A Military Recruiter comes to call....
I was in the middle of giving my class a quiz when a gentleman walked into my class the other day. He was wearing the cool digital camouflage uniform of a sergeant first class. Another teacher, whom I later figured out was his wife, trailed into the room after him. He introduced himself as a recruiter and said he wanted to talk to me.
I thought, "Oh great, Uncle Sam has just found my attempt to register for the draft back in 198_ when I was making a principled stand that women should have the same citizenship responsibilities as men, and now, they're so desperate they're going to try to sign me up." (I have a first name that can be used by males, and back then we all had those unisex haircuts, so the guy took my little card from me. I cerainly was in better shape than my friends who went with me to register for themselves. So, friends, as Arlo Guthrie would say, somewhere in Washington there may be a file with my draft card in it...)
Anyway, he said that one of my former students, let's call him Elvis, was interested in joining the Reserves after having made a previous commitment to the Navy, and he wondered if I "could just fill out this recommendation form?"
Hmmm. I had actually talked to this young man just a few weeks ago, and he didn't say anything about it, but okay, that might be a good move for him (although, frankly, it seems that going regular Army might be a better deal than going reserves, since around here the reserves have gone overseas more than the regular troops, and we've all heard the stories about the difference in equipment and training between "weekend warriors" --I'd like to see that myth laid to rest-- and full-timers, but, whatever...).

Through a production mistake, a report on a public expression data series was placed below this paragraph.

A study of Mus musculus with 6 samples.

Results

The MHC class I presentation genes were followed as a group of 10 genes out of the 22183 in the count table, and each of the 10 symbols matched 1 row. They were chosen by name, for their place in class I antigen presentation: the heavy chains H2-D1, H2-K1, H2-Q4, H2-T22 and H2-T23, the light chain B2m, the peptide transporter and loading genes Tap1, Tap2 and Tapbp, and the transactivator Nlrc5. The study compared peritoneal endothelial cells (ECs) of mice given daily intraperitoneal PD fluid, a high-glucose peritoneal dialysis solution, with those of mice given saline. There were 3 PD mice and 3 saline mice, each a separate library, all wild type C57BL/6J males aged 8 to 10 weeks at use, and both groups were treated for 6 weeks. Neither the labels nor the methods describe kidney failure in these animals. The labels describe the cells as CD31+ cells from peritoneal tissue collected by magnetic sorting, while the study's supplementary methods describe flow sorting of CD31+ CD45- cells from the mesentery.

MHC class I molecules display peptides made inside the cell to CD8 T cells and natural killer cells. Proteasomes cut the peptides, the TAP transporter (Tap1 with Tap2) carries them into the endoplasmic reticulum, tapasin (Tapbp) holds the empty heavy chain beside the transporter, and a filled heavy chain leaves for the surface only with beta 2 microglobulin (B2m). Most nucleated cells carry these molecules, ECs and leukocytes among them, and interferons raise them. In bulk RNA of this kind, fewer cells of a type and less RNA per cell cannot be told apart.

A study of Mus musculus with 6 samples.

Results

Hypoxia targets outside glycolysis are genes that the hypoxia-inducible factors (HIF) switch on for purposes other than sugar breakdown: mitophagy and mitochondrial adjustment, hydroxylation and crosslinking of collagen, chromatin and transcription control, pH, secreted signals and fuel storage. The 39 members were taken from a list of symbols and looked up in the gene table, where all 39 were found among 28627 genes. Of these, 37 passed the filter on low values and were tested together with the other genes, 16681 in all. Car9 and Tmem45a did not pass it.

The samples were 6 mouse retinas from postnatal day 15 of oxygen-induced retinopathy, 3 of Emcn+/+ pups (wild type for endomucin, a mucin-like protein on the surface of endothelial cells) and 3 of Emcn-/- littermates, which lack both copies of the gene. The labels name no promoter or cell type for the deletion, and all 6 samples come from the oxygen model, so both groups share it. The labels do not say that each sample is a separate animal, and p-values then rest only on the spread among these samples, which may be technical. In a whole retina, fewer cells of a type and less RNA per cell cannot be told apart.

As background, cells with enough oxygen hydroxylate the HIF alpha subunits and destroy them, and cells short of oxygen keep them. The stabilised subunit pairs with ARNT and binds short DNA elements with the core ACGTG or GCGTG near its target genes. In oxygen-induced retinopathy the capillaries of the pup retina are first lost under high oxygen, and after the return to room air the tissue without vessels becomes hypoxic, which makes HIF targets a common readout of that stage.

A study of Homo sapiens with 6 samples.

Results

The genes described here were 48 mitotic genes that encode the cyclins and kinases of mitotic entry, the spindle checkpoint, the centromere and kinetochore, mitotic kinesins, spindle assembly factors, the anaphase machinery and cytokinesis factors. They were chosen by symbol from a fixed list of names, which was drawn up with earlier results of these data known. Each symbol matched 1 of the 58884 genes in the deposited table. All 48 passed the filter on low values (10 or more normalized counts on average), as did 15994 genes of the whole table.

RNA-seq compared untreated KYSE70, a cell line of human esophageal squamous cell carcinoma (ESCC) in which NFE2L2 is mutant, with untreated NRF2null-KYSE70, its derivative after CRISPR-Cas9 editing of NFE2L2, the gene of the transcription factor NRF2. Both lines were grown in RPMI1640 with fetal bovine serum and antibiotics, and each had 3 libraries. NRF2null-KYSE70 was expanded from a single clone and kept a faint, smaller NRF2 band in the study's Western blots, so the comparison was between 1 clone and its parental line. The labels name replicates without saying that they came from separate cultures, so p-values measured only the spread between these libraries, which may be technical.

So I very quietly said, "Sure, can I see your release form?" Remember the quiz? I had qualms discussing this while other students were in the room, and so on.
He looked at me. "What release form?"
"The one that I need to see in order to release confidential information about a student, including a recommendation in which I would be providing frank assessments of his character and intellectual capability," I said. "Since Elvis isn't here to ask me to write the recommendation, I need a release. You can't be too careful about releasing private information about students in this litigious time..." I smiled encouragingly at him.
He shuffled some stuff around, but no form. I responded that I would fill it out when I saw the form, and we parted ways.
Two days later I got a release faxed to me, and I filled out the form.
I later was talking to a colleague, and he had just blithely filled out the info with no qualms. I dunno. Was I too ... cynical? sensitive? cautious? I was not trying to be obstructionist, but our school district really goes whole hog on the student privacy issue, as I've mentioned previously.
So how do I feel about section 9528 of the No Child Left Behind Act? I feel that people shouldn't have access to my or anyone else's private records as a default. I feel that this information may not be protected or viewed with the same probity as I would. This gentleman seemed surprised that I would ask to see a release form. The method feels underhanded. I don't think parents are even aware of the fact the information is being harvested by the military, and they certainly don't know that they have to opt out.
There's a couple of interesting things I found here that is very enlightening. Then there was the recent story about the man who found abandoned files from a recruiting center in a dumpster.
I am proud of all of my students who have joined the military (I currently have over 24 in uniform from the last five years alone). I come from a family that has always supported the brave patriots who serve.
And one way I can help, I believe, is to ask questions.